Russia's Trump Card


An American presidential candidate has offered an open invitation to a foreign government to conduct cyber espionage operations against a former Secretary of State. Let that sink in before identifying the actors involved because it's not the plot of a Netflix political thriller.

That candidate is Donald Trump. The foreign government is Russia, a country with whom the U.S. has a tenuous relationship. And the former Secretary of State is, of course, his political rival, Hillary Clinton, whose email scandal raised alarm about the possibility that sensitive national security secrets could have been compromised. So what exactly did Trump do? He explicitly invited Russia to breach American national security to spite his opponent. The irony is sensational.

The danger and thoughtlessness of such an invitation cannot possibly be overstated. Warming relations with Russia is fine. Opening personal channels of communication with Putin is fine. Encouraging the Kremlin to hack an American official's emails is not fine. At all. Ever.

This is not to pardon Clinton's mistakes. She was in fact careless in the handling of email. But the levels of culpability between Clinton and Trump are incomparable. Using a private email server for official duties and deleting emails is irresponsible. Cheering for a foreign government to hack and potentially compromise state secrets is treasonous.

And this comes on the heels of a number of alarming statements equivocating on the American commitment to NATO. Foreign policy experts were shocked when Trump openly declared that, under his presidency, the U.S. might not come to the defense of some NATO allies. Even if it is time for America to reconsider its role in NATO, it is imprudent and tactless to make such a claim publicly at a time when Russia has assumed an offensive posture.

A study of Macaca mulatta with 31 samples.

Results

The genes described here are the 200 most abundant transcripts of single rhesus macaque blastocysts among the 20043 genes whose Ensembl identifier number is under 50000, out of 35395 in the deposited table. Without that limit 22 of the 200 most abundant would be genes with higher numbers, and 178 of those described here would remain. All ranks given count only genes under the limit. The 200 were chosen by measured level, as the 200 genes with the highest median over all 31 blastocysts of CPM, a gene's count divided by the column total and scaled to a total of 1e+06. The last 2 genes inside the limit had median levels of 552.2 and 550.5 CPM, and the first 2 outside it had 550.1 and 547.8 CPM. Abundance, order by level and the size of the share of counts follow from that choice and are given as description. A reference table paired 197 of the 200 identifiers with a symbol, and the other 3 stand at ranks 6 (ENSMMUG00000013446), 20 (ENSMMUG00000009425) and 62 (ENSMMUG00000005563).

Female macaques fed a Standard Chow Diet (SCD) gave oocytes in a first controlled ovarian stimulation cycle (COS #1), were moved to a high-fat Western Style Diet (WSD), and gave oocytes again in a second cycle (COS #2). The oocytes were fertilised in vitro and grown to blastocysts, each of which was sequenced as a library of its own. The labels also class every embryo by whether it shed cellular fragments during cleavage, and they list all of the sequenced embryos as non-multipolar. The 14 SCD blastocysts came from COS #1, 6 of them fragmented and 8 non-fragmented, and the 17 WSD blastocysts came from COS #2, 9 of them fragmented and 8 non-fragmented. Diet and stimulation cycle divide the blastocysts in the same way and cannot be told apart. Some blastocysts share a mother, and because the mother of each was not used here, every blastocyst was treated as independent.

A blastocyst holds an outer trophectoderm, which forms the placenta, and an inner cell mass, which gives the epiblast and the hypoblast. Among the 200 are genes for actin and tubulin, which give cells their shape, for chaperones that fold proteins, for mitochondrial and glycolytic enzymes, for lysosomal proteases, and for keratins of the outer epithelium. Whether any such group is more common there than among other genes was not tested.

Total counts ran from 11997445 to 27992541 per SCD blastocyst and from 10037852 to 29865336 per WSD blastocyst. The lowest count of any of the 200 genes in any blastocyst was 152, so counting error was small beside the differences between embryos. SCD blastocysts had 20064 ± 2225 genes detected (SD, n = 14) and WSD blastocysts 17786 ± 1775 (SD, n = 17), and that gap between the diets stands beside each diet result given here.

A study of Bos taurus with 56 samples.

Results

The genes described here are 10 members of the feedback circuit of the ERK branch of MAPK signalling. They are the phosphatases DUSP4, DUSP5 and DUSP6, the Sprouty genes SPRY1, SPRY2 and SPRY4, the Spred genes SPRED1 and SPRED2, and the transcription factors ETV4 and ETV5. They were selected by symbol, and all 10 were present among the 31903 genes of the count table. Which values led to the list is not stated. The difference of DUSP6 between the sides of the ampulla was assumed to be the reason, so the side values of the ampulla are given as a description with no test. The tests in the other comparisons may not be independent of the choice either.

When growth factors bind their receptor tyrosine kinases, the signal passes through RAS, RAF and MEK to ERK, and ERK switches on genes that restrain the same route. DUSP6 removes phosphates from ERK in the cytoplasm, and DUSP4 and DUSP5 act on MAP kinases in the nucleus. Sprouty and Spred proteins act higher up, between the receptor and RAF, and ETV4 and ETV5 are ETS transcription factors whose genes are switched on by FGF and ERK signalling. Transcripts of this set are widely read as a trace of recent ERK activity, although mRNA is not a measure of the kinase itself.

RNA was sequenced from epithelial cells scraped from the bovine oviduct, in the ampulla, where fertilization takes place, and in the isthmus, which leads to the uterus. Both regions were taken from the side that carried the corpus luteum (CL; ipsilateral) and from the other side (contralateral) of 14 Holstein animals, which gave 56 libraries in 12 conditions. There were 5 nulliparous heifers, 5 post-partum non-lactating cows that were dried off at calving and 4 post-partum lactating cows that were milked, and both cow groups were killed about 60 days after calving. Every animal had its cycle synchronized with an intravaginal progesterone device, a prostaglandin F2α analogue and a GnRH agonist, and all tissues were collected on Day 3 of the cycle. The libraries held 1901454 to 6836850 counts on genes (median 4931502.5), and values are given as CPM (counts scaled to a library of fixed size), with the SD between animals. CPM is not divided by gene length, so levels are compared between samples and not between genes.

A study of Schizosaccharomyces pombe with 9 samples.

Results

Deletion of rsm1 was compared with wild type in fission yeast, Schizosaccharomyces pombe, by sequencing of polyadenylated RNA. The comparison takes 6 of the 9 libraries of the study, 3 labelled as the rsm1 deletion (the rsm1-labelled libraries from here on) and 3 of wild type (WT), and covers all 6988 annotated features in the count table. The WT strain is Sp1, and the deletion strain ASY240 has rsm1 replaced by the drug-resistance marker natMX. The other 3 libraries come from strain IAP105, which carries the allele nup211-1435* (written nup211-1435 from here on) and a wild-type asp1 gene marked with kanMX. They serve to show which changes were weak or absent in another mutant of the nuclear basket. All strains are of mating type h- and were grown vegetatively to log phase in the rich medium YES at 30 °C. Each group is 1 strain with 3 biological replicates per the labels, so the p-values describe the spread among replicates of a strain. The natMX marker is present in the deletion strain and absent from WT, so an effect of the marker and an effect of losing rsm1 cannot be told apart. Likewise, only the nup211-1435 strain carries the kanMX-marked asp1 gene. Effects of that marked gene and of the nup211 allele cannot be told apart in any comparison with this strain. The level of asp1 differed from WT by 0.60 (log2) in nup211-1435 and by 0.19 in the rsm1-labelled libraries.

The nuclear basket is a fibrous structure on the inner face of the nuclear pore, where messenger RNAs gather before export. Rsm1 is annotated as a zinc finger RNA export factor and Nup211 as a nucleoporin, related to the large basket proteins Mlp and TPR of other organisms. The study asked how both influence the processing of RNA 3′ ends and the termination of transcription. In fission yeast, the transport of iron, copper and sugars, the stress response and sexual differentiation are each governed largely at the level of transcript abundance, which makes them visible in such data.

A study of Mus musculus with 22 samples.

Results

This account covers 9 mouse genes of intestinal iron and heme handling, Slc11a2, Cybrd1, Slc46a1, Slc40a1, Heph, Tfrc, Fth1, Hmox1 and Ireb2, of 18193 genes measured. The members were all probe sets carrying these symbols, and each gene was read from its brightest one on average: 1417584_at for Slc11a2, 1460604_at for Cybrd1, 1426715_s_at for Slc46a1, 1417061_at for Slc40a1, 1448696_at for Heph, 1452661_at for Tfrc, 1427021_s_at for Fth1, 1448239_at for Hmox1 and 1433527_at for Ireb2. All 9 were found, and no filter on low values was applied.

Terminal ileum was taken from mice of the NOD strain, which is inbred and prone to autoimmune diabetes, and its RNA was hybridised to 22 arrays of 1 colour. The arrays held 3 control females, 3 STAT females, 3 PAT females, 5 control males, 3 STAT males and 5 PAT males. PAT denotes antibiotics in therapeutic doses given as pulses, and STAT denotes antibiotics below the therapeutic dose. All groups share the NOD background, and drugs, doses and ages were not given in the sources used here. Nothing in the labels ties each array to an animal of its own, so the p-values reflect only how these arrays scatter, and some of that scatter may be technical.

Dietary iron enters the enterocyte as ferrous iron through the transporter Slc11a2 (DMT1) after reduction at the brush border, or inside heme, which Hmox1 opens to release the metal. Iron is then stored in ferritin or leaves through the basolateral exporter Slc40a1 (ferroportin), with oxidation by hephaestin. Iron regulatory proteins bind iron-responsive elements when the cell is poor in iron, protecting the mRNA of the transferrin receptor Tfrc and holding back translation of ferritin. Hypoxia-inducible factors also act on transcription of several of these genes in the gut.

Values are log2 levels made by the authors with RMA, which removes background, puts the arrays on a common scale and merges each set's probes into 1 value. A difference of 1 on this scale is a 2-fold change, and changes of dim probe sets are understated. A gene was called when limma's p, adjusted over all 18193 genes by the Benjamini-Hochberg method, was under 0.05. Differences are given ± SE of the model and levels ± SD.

If it wasn't obvious already, these developments regarding Russia and NATO reveal that Donald Trump is stunningly uninformed on foreign policy, wholly oblivious to geopolitics, and either ill-advised or unadvisable. When Mike Pence, Trump's VP running mate, spoke at the Republican National Convention, he warned against "four more years of apologizing to our enemies and abandoning our friends." Whether this actually captures Obama's foreign policy is dubious, but not the point.

Trump is going well beyond apologizing to enemies and abandoning friends. He has threatened to forsake an alliance that the United States has worked tirelessly to uphold under both Democratic and Republican administrations. NATO has been a critical partner in American counterterrorism operations, including the War in Afghanistan, and still acts as a counterbalance to Russia, particularly in light of the ongoing crisis in Ukraine. Trump's is the most blatant, preemptive call to "abandon allies" in recent memory. In so doing, and coupled with his support for Russian cyber espionage, he is going much further than apologizing to an enemy. He is encouraging Russia to compromise American national security at a time when the Kremlin is challenging U.S. interests.

Any American who finds Trump's invitation to Russia acceptable is in a state of denial. If any U.S. politician, Republican or Democrat, called on a foreign government to hack into emails tied to the State Department, it would be an epic scandal. And it should be. Let's not pretend that this is just another silly Trumpism or allow him and his surrogates to absolve him on the grounds of defying "political correctness" or analogizing it Nixon's opening to China. Both would be comically off base. What Trump did is unacceptable and subversive, and it displays him as nothing short of a reckless, duplicitous, unqualified candidate who is a better fit for a mediocre TV drama.